The longleaf pine is probably one of my absolute favorite trees. That’s a bold statement for the lover of so many plants and trees, but the longleaf pine is definitely a top contender. I could write volumes on my adoration for these trees, their straw, their lumber, their ecosystem, their byproducts, and their place in Southern history, but for today, I’ll stick to another delightful attribute of the longleaf pine–their pine cones.
A good buddy of mine and his sister share this Farmer’s love for Hawkinsville, the River (that’s the Ocmulgee for those of you not from Houston or Pulaski Counties proper), and its native flora. These dear family friends are a slice of the South in general, with “good people” kind of roots on both sides and a true calling for the land. It is their beautiful land in particular where these gorgeous pine cones come from–land running the course of the Ocmulgee River, banked in longleaf stands, palmetto forests, and wax myrtle. It is families like theirs that make Hawkinsville and other small, Southern towns charming, tasteful, and classy. It has been said of their grandmother that if Hawkinsville had a queen, Mrs. Barbara would she be!
Since we grew up in a town so connected to the land, the river, and our agrarian heritage, it is no surprise that the offerings from the land influence or, more so, invade our décor. Whatever is in season is on our mantles, tables, or foyer pieces; and in the fall and into the depth of winter, nature lends us one of her truly amazing works of art and geometry for our tableaux–the longleaf pine cone.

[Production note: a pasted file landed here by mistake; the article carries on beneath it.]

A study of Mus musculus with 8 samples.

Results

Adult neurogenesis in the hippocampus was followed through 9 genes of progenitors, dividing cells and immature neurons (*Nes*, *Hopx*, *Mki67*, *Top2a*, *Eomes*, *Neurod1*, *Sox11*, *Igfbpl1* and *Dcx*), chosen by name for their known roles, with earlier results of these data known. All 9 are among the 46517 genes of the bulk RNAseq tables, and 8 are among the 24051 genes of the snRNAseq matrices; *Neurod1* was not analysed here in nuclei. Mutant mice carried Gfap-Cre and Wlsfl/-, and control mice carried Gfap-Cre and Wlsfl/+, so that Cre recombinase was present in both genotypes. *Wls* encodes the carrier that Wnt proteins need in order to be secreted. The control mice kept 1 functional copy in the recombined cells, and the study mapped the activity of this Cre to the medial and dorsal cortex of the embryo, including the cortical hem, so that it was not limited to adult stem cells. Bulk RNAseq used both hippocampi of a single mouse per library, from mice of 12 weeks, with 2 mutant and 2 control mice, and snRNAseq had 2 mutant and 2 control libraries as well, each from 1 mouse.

Piled in bowls, bedecked on the mantle, peering from behind pheasants, mixed with pecans and cypress–however these pine cones are used, I am just elated to use them. Reminiscent of sunflower centers, chrysanthemum petals, and whirling tendrils, each and every cone is a unique expression of nature at her finest. The large longleaf cones are statements in and of themselves and are striking displayed en masse. Smaller cones tucked into fruit and pine needles are lovely for a January arrangement that harkens the Yule time feel but are totally apropos after New Year’s Day. The browns, greens, oranges, and reds of the fruit, foliage, and cones are remarkable against the glossy green boughs of holly and two tone magnolia as well. A cinnamon, green, coppery salmon and garnet hued combo is just luscious!
Simply filled with pine cones, my dining room table urn makes a statement of the season and serves as a siren to those passing by to stop, take a gander, and be amazed at the utter simplicity and elegance that is a pine cone. Sirens indeed, for these icons of beauty lure me with their song of delight, beauty, and legend of their land. From this Farmer’s pine cone filled home to yours, Happy New Year, happy decorating, and happy wishes for pine cones aplenty!